The Basics Of Financial Aid

The financial expenses associated with earning a college degree can be overwhelming for anyone to handle alone. Luckily, plenty of financial aid options are available out there if you look in the right places and are careful about meeting requirements and deadlines. Many schools offer you financial advisors who can help you through the financial aid process and give you resources to look through for loans, grants, and scholarships.

The Free Application for Federal Student Aid (FAFSA) is required for financial aid. It's easy to fill out online after you register for a Personal Identification Number (PIN) with the U.S. Department of Education. When you're filling out the FAFSA, there are several pieces of information you need to provide, including:

  • Social security number
  • Driver's license number
  • W-2 forms
  • Federal income tax return
  • Current bank statements and records of investments
  • Records of untaxed income received
  • Business or farm records, if applicable
  • Alien registration number if you're not a U.S. citizen

If you're a dependent student, you'll also need your parent's Social Security numbers and their income and financial records. Use the records from the year before the academic year for which you're applying for financial aid.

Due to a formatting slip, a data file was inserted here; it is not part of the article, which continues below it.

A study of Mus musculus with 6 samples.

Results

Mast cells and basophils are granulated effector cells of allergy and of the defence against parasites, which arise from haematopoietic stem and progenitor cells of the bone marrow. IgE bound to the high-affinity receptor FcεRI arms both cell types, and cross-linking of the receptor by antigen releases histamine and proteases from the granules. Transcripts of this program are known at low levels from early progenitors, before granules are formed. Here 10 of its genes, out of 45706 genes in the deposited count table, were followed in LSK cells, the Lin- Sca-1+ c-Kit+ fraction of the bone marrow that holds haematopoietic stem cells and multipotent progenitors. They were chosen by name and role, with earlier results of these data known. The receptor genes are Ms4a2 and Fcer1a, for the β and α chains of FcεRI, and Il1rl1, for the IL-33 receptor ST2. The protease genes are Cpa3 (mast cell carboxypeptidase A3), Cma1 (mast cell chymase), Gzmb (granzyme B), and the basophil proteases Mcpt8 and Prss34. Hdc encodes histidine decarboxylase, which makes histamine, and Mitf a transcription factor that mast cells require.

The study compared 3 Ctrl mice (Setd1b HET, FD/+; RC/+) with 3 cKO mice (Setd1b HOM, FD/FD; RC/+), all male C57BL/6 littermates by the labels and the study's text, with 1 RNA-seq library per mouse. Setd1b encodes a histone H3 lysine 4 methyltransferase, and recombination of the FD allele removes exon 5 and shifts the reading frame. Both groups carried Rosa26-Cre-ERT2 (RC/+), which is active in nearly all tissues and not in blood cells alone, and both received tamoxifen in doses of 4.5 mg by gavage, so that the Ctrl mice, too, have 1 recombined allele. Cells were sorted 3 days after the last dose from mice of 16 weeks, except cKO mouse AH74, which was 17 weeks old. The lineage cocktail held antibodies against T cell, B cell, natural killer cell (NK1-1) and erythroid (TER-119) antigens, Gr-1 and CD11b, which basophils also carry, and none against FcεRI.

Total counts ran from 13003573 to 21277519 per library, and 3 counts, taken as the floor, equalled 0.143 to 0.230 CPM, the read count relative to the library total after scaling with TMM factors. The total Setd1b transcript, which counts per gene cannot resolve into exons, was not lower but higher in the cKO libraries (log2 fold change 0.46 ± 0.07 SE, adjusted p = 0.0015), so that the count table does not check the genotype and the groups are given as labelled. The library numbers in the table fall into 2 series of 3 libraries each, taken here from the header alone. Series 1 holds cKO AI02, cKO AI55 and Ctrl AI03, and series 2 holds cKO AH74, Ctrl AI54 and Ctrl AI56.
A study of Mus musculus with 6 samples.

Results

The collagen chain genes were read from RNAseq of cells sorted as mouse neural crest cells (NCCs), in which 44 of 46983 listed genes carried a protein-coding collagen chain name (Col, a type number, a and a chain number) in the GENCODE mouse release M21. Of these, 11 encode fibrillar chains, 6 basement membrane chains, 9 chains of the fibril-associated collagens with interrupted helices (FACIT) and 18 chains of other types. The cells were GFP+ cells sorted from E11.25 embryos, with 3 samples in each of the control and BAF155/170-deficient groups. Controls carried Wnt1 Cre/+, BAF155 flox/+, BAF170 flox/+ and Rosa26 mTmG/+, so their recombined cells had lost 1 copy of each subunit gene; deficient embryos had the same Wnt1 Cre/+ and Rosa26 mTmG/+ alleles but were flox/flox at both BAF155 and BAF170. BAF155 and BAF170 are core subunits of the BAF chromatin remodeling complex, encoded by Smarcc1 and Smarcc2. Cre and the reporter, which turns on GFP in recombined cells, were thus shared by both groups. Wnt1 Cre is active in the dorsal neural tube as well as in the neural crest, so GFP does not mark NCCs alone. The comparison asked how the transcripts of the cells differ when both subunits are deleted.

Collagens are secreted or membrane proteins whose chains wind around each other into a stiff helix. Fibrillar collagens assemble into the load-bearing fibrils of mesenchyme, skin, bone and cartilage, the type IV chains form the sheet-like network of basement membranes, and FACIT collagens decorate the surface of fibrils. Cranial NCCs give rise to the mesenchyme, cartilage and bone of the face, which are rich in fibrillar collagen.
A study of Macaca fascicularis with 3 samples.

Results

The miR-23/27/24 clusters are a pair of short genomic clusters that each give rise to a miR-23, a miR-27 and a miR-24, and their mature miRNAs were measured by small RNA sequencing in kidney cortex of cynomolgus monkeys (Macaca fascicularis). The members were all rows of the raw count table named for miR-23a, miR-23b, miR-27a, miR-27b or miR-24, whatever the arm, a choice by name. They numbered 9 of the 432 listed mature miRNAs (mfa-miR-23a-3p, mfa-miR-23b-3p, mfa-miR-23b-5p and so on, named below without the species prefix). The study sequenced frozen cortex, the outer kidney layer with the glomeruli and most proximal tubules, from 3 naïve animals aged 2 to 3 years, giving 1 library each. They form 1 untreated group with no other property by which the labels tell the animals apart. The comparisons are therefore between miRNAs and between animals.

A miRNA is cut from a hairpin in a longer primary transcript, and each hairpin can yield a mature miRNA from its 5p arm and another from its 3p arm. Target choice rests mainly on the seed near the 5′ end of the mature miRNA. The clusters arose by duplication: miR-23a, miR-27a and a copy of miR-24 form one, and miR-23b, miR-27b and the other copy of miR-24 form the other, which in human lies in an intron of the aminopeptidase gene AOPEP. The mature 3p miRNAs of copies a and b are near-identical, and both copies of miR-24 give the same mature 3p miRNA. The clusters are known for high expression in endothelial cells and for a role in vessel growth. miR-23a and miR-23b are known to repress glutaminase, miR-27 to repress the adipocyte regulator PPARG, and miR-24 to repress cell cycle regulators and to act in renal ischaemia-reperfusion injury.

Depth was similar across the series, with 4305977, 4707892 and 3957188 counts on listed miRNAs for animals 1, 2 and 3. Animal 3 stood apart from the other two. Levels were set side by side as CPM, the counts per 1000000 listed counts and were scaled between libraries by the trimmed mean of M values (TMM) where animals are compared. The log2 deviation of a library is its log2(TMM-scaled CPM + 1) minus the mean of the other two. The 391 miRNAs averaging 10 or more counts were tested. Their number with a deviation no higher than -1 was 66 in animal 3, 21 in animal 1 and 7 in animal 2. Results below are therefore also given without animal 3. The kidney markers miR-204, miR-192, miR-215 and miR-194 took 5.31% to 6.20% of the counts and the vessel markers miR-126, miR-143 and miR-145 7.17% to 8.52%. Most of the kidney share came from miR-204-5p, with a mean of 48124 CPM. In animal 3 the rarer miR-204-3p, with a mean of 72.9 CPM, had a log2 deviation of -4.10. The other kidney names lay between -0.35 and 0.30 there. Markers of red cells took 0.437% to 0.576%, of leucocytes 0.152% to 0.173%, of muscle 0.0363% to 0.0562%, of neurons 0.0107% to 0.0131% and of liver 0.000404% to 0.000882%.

Filling out the FAFSA can gain you access to several kinds of federal loans if you qualify. These loans include Federal Subsidized Stafford Loans, which don't accrue interest while you're attending school; Federal Unsubsidized Stafford Loans, which accrue interest at a low rate while you're attending school; and Federal PLUS loans, which are borrowed by a parent.

Federal grants, which you don't have to pay back, are also available to you once you've filled out the FAFSA. These include Pell Grants, which are based on financial need; Federal Supplemental Educational Opportunity Grants, which are based on financial need and awarded by your school; and Academic Competitiveness Grants, which are based on Pell Grant eligibility and specific academic requirements.

Other grant opportunities as well as private scholarships are available from a number of organizations, including the college you're enrolling in. For example, Rasmussen College offers multiple scholarship opportunities. Each scholarship has its own requirements and applications. You might have to do an interview, write an essay, or enter a contest. It's a good idea to apply for as many as possible. and are two good websites that can direct you to opportunities.